Why Glastonbury music fest ‘a great tradition’ for Mick Jagger – Entertainment


Glastonbury Festival, Britain’s famed and storied performing arts event that staged some of the most iconic moments in music, was set to celebrate its 50th anniversary last June. And then COVID-19 happened.

For now, fans and artists alike could all but look back and relive some of their most cherished memories attending Glastonbury. Mick Jagger of the legendary band The Rolling Stones, for instance, admitted feeling “wary” in the lead up to his headlining set at the said festival in 2013.

“I spoke to Bono (of U2) when he had his Glastonbury experience, which he said was one of the most difficult days he has ever done a concert—it was mind-blowingly difficult because of the weather,” the 76-year-old rock star recalled in a recent piece for The Guardian.

To get a better feel of the atmosphere and the crowd, Mick strolled around and watched the set of fellow headliner band Arctic Monkeys the night before his. “I went around the site with my children and hung out with them,” he related.

Luckily, the following day was “a perfect English summer day”—nothing like the dreadful weather U2 had to endure in 2011. “I was thankful for that… I was afraid it was going to be the same for us, but it didn’t turn out like that,” Mick said.

He knew fully well that a festival of such magnitude calls for something “special”—like when Jay-Z did “Wonderwall.” And he did just that by turning the 1968 track “Factory Girl” to “Glastonbury Girl.”

“A week or so before our appearance, I thought, if we’re going to do a big night at Glastonbury, let’s try and do something a bit topical. So I thought I would rewrite the lyrics of ‘Factory Girl’ to do something different,” said the singer-songwriter, who was unsure about how the crowd would react to the idea.“I was a bit wary of it, if people were really going to get it—but they got it,” he said.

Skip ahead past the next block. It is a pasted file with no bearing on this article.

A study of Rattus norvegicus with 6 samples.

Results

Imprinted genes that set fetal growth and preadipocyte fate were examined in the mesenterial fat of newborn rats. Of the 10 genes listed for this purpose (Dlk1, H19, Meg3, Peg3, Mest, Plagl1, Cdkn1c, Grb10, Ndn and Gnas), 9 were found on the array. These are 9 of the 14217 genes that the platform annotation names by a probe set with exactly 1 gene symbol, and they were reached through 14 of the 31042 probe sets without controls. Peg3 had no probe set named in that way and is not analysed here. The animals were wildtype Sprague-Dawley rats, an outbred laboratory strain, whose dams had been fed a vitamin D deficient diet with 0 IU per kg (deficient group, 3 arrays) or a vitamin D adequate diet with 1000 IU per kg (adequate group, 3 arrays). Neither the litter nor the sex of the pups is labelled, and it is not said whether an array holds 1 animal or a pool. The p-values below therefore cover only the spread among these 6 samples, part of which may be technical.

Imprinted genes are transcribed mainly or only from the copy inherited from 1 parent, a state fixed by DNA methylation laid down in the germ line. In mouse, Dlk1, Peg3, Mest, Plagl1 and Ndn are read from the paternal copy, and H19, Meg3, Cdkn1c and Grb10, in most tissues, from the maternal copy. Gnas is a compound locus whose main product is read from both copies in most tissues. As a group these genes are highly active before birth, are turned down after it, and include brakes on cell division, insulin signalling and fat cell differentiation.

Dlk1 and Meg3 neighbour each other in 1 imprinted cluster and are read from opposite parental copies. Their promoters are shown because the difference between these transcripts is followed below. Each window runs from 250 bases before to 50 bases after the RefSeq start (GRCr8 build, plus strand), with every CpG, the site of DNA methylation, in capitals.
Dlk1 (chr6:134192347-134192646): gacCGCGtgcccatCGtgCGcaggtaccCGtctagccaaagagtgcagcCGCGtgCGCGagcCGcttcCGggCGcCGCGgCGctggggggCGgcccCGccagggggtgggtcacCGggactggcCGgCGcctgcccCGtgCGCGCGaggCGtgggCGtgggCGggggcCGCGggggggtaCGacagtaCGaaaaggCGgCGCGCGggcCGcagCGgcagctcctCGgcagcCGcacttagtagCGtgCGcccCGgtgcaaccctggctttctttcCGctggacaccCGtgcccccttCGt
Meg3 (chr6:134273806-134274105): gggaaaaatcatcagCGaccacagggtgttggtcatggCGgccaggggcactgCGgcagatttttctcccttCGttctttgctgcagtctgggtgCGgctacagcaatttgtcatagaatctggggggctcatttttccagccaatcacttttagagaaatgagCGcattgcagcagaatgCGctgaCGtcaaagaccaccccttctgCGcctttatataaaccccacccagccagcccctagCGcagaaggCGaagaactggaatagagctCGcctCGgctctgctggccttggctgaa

The Stones have been touring since the early 1960s and have performed for the biggest crowds around the world. But nothing quite compares to Glastonbury’s.

“Going on was this amazing sight. I have done a lot of big crowds, but normally when you do these big crowds you can’t often see them. In this case, however, the crowd went up the hill and was illuminated by flares. You could actually see 100,000 people, which was amazing,” he pointed out.

“The crowd was amazingly supportive, vibrant, enthusiastic, exuberant—even though you’re a long way away from them, you can still feel the wave of feeling coming from them.”

In lieu of live performances, Glastonbury—via the BBC—recently aired reruns of some of its most important sets, like those of David Bowie, Beyonce, Adele, Coldplay and, of course, The Stones.

Glastonbury is a tradition of sorts for Mick’s family. Surprisingly, however, it wasn’t until that year that The Stones received an official invitation from Glastonbury to grace its stage.

“My brother lives in Glastonbury. He used to go to the festival in its very early days and it was always part of my family’s festival outings—my children Jade, Lizzy, Georgia and Jimmy had always gone for years, and they told me about their experiences,” he related. “I always watched it on telly and was pretty aware of what was going on.”

And Mick is glad to see that the event, which “embodies some kind odd Englishness,” endure and evolve through time. “Glastonbury is a great tradition and the way it has evolved. It sort of represents this rather eccentric English culture, in a really good way. Everyone reveres it because of that, and because of its longevity—it has been passed down through generations,” he said. “People have got this special affection for it.”